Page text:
Guest Post by Sophia Boothby RD
Sophia Boothby is a Registered Dietitian. She currently works as a Specialist Community Dietitian within a London NHS Teaching Hospital specialising in gut health such as irritable bowel syndrome (IBS) and the low FODMAP diet, type 2 diabetes, PCOS, cardiac rehabilitation, and individuals experiencing unintentional weight loss and/or reduced appetite related to a clinical condition or unknown cause.
Sophia aims to support individuals in managing their health without requiring restrictions on their way of eating unless clinically indicated. Sophia has recently developed her practice incorporating a non-diet and weight-inclusive approach to nutrition with individuals presenting with disordered eating and restrictive eating behaviours, particularly alongside IBS. She is passionate about empowering individuals to improve their relationship with food and stepping away from the diet mentality.
Lifestyle factors including nutrition play an important role in the management of PCOS and the severity of the symptoms. Therefore, it may not be surprising that there is emerging research into the field of supplementation to aid PCOS management.
But which ones do we choose? If your Google search is confusing you even more, let’s dissect the key supplements for PCOS here.
What is PCOS?
PCOS or Polycystic Ovarian Syndrome is a complex endocrine or hormone condition impacting 1 in 10 people assigned female at birth (AFAB). Despite its name, it does not solely involve the ovaries.
Common symptoms individuals with PCOS experience include but are not limited to irregular periods, infertility, acne, excess facial and/or body hair, loss of hair and hidradenitis suppurativa skin tags.
How can PCOS be managed?
Although there is no cure for PCOS, there are many lifestyle and dietary changes that can be made to support the management of the symptoms associated with PCOS.
One of these changes can involve taking supplements for PCOS.
Which supplements can help PCOS?
Although supplements are not required for PCOS management, they can often be effective in correcting deficiencies and promoting symptom management. Here are the top supplements that may help people with PCOS.
Inositol is a type of sugar alcohol needed by almost every tissue in the body which acts as a vitamin-like substance involved in many cellular pathways. One of the key pathways is as a messenger involved in insulin signalling.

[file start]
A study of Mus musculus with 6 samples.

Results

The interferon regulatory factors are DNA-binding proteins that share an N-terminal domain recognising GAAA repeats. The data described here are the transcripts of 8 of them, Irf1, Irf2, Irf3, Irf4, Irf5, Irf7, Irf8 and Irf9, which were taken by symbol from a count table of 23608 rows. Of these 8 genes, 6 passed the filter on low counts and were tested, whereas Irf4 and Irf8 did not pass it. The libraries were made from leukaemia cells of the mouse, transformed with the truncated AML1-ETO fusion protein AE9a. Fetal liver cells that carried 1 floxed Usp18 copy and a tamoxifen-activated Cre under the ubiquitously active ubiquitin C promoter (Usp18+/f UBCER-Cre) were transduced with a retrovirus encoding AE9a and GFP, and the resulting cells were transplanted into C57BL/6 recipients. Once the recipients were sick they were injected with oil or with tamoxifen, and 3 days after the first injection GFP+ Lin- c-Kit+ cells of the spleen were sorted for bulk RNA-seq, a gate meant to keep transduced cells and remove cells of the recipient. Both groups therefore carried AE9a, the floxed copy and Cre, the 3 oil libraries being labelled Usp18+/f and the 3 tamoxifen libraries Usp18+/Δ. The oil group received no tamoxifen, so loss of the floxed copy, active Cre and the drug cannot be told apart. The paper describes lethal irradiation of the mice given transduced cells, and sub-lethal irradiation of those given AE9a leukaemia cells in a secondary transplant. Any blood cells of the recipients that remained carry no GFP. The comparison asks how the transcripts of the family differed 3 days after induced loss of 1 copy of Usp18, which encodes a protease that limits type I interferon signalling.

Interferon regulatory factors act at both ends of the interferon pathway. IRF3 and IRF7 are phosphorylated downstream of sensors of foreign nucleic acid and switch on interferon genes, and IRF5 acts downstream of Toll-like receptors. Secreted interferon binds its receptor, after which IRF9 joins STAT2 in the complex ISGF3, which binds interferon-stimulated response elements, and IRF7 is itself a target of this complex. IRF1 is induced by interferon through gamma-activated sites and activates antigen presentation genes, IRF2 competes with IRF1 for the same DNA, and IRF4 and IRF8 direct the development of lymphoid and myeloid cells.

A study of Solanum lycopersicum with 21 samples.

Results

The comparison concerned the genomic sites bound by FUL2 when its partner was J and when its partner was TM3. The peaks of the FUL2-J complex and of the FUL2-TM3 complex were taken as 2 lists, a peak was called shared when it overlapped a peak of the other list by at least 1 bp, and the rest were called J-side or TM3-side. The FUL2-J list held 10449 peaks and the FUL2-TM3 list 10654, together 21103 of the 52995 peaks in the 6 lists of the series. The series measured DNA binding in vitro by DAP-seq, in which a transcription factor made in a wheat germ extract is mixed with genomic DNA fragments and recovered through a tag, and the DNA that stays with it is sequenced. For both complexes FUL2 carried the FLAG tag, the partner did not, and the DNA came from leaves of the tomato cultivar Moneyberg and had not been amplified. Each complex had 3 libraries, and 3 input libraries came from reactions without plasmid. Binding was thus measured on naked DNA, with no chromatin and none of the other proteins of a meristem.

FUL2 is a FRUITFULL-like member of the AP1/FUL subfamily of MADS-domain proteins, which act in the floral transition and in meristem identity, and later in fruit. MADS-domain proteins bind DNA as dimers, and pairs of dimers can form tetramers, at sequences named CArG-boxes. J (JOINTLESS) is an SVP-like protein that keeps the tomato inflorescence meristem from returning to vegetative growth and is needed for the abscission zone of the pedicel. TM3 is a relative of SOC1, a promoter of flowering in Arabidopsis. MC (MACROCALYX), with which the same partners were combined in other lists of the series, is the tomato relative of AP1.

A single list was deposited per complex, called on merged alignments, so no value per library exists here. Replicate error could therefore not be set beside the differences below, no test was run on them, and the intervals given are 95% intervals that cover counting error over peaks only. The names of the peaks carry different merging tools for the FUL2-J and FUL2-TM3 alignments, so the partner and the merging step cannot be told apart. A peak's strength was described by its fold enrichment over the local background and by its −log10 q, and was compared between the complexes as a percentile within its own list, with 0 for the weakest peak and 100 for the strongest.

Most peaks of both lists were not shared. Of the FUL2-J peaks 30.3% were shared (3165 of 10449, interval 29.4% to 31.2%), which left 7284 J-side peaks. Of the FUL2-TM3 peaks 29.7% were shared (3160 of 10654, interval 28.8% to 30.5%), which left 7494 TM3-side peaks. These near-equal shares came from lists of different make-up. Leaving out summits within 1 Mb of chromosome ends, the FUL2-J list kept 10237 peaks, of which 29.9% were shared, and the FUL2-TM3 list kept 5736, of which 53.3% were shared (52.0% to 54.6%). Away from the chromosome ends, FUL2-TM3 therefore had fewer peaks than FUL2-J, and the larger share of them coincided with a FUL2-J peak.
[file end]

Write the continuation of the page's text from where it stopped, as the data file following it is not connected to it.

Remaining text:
There has been growing evidence supporting the supplementation of inositol in improving insulin resistance and sex hormone ratios for people with PCOS, that in turn provide a positive effect on fertility and ovulation.
Vitamin D is a fat-soluble vitamin created within our bodies from direct sunlight on the skin. Whilst some foods contain a small amount, throughout autumn and winter in the UK. The recommended daily intake in the UK is 10mcg supplement of vitamin D daily. Research has found vitamin D deficiency is more common in people with PCOS, compared to the general population.
Low levels of vitamin D can negatively impact symptoms associated with PCOS, including menstrual irregularities and infertility. This can be tested through a blood test.
Vitamin D appears to improve reproductive and metabolic impairment in PCOS through its impact on insulin resistance according to a 2022 study. Therefore it could be beneficial to consistently take a low dose vitamin D supplement all year round.
If you are found to have low levels of vitamin D on a blood test you should discuss a higher dosage with your doctor.
Omega-3s are a family of essential fatty acids. Omega-3 has many benefits for PCOS including being anti-inflammatory, improving mood, lowering cholesterol and triglycerides, improving egg quality and ovulation and improving NAFLD.
A 2018 study provides evidence that omega-3 fatty acid may be a novel drug for individuals with PCOS and may be recommended for the treatment of PCOS with insulin resistance as well as high cholesterol levels.
Vitamin B12 is primarily found in animal products including dairy products and eggs. If you are following a vegan diet you would then have to focus on yeast extracts and other fortified foods such as breakfast cereals, dairy free milks and soya products. You can check the labels to make sure they are fortified with vitamin B12.
Recent guidelines have been updated reporting that people taking Metformin (the insulin sensitiser medication) long-term may suffer from a vitamin B12 deficiency. Vitamin B12 should be supplemented with if you are taking metformin, or if you’re following a vegan diet.
Magnesium is a mineral found in a wide variety of foods, including spinach, nuts and wholemeal bread. As with all minerals it helps the body to function optimally. This includes helping to turn the food we eat into energy and ensuring our parathyroid glands (which produce hormones and support bone health) function normally.
There are mainly small studies on magnesium supplementation so further larger and long-term studies are required. From the current evidence it suggests magnesium may benefit with reducing insulin resistance, reduce inflammation and impact our mood.
Key takeaways: can supplements help PCOS?
Supplements may improve symptoms of PCOS such as insulin resistance, carbohydrate cravings, inflammation, low mood and even poor fertility outcomes. Discussing your concerns with a PCOS informed nutritionist or dietitian can help you to navigate the best supplements to support your unique PCOS symptoms.